São Paulo also welcomes those who would rather not spend a lot.
Free shows and bargain shopping can make tourists very happy.
Anyone who thinks they need to spend a lot of money to have fun in São Paulo is mistaken. Cultural centers, workshops and theaters throughout the city often present exhibitions, plays and shows for free or for very reasonable prices. There’s no lack of bakeries and snack bars selling good and cheap food. And that’s before you get to Rua 25 de Março, famous for its great finds at modest prices (beware of pickpockets). Furthermore, it’s not necessary to take taxis or rent a car: the metro gets you to many attractions in Centro (downtown) and along Avenida Paulista. Remember to pick up your Bilhete Único as well, so you can get around the city easily by bus.
Start off your tour at the Páteo do Colégio (Pça. Pátio do Colégio, 2, tel. 3105-6899), the place where the Jesuits founded São Paulo, on January 25th, 1554.
Today, it houses the charming Café do Pateo. With a European-style garden, colonial tables and chairs and a rammed earth wall (remniscient of the original building), the café serves homemade cakes and snacks at good prices. Afterwards, head to the Catedral da Sé (Pça. da Sé, unnumbered, tel. 3107-6832) and check out the Italian organ with over ten thousand pipes inside. A few meters away, there’s the Centro Cultural Banco do Brasil (R. Álvares Penteado, 112,tel. 3113-3651), which usually has great free exhibitions.
Besides this region is crownded, it’s not a safe place to show valuable itens like cameras and smartphones. Many people could call your attention to ask for money, so put the higher amount of your money hidden and carry some sparechange in your pocket.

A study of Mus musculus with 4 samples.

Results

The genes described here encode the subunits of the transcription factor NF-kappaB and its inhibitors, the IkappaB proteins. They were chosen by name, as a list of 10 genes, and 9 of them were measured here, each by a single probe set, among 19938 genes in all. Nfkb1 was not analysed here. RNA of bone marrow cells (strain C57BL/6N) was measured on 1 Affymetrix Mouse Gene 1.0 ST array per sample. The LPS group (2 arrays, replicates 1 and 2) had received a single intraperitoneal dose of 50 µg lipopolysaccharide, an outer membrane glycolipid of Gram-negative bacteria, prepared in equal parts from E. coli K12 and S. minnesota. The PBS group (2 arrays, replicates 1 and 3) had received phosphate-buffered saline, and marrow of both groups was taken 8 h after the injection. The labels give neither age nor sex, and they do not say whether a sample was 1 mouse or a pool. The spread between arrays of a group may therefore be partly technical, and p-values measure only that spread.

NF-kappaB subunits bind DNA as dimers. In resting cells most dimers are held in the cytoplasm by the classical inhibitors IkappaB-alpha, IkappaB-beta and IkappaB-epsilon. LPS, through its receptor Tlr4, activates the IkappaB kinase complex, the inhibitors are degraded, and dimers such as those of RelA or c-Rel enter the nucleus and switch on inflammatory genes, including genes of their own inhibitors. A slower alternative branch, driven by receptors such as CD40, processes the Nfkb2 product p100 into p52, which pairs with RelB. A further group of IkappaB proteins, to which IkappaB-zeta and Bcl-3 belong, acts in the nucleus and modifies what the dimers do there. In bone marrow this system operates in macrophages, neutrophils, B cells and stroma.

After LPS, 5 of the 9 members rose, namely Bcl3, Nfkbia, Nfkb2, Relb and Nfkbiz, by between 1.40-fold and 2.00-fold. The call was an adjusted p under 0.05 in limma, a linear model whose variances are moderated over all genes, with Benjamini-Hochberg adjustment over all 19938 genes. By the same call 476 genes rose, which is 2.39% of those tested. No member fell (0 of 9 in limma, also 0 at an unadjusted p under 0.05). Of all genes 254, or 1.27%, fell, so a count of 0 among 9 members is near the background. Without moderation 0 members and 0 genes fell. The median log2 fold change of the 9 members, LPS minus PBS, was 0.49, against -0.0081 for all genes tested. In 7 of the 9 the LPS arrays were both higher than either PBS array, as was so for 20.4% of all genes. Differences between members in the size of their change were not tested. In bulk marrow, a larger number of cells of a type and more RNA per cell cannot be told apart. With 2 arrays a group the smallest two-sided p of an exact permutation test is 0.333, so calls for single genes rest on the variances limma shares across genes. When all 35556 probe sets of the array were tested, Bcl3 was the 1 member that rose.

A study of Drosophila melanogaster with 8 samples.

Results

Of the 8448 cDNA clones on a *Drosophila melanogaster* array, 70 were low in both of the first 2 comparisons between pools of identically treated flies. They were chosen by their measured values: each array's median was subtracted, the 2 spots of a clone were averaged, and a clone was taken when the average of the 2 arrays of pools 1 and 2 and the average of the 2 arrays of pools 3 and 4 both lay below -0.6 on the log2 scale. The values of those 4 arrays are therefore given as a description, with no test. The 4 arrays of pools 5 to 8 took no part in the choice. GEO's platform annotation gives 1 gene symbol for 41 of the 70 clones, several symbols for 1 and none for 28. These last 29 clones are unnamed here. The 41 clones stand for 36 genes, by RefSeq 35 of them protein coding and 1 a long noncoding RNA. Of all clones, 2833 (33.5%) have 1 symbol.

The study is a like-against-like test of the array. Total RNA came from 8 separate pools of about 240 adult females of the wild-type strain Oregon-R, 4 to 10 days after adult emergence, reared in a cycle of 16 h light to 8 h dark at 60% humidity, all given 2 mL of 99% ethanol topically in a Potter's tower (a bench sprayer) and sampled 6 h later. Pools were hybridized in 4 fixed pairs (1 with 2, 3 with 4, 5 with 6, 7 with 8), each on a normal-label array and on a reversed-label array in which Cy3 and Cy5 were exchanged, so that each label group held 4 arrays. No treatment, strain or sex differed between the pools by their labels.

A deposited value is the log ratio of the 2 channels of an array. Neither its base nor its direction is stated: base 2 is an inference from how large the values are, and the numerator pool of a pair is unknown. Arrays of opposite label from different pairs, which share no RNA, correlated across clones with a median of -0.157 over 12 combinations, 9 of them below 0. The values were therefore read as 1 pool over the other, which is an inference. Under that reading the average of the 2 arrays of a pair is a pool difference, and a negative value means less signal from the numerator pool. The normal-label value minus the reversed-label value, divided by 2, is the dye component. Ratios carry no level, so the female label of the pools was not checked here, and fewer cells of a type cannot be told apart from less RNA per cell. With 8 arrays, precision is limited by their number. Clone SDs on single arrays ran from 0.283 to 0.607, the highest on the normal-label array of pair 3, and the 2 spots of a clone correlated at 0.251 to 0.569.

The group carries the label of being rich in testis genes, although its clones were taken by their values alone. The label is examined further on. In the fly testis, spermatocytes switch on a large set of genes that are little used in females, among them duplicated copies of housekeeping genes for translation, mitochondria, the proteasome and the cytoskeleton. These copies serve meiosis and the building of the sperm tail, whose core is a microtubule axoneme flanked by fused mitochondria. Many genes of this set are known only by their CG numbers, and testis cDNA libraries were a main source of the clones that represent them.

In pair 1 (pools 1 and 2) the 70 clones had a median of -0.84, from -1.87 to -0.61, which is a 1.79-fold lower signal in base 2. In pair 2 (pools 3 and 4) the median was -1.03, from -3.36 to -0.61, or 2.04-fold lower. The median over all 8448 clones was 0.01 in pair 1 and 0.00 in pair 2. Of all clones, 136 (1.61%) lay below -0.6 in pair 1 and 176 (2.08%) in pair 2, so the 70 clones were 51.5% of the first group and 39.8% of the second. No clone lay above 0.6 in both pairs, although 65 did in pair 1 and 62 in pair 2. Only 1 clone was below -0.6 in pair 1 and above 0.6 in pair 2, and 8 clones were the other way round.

Beyond that, the interior of the building is a good photo opportunity. Another building connected to the city’s financial past is the Edifício Altino Arantes (R. João Brícola, 24, tel. 3249-7466). Better known as the Banespa building, it was the home to the defunct bank and is one of the city’s postcard images. On weekdays, there’s no charge to climb to the top of the tower and admire a really beautiful view of São Paulo. Before leaving Centro, head through Rua 25 de março, a street full of bargain stores. It’s the ideal place to pick up some souvenirs for family and friends without feeling a financial pinch.
Beware of the pickpockets
When you feel hungry, take the metro from Estação São Bento to Estação Paraíso. Just a few blocks from there you’ll find the Middle Eastern restaurant Tenda do Nilo (R. Cel. Oscar Porto, 638, tel. 3885-0460).
The vegetable esfiha made by sisters Olinda and Xmune Sper is among the best in the city. Using your Bilhete Único, you can grab a bus and in just a few minutes arrive at the Museu Lasar Segall (R. Berta, 111, tel. 5574-7322), where at one point the Lithuanian (and Brazilian naturalized) painter lived. It contains 3,000 works by the artist, who was one of those responsible for bringing modern art to Brazil. On the way out, admire some of the modernist houses landmarked by the government. If you want to get a quick snack, it’s just a ten minute walk to Rancho da Empada (R. Sena Madureira, 557, tel. 5579-5330) and choose among two dozen versions of the namesake savory pastries.
After the sun goes down, it becomes even easier to take advantage of the city’s cheapest cultural offerings. Both the Centro Cultural São Paulo (R. Vergueiro, 1000, tel. 3397-4002) and the Teatro do Sesi (Av. Paulista, 1313, tels. 3146-7405 e 3146-7406) have a varied lineup, with theater and concerts priced for the masses. Another recommendation is to check out what is going on at the various Sesc units, which also put on shows and exhibitions that are free or reasonably priced. The most visited are the ones at Paulista (Av. Paulista, 119, tel. 3179-3700), Vila Mariana (R. Pelotas, 141, tel. 5080-3000) and Pompéia (R. Clélia, 93, tel. 3871-7700). To close out the night, choose among the varied, always reasonably-priced Italian cantinas in the city. At the Innominato Osteria (R. Joinville, 56, tel. 5571-9839), the dishes always serve two. They have creative pasta dishes like mezzaluna di bufala with paprika and mushroom sauce.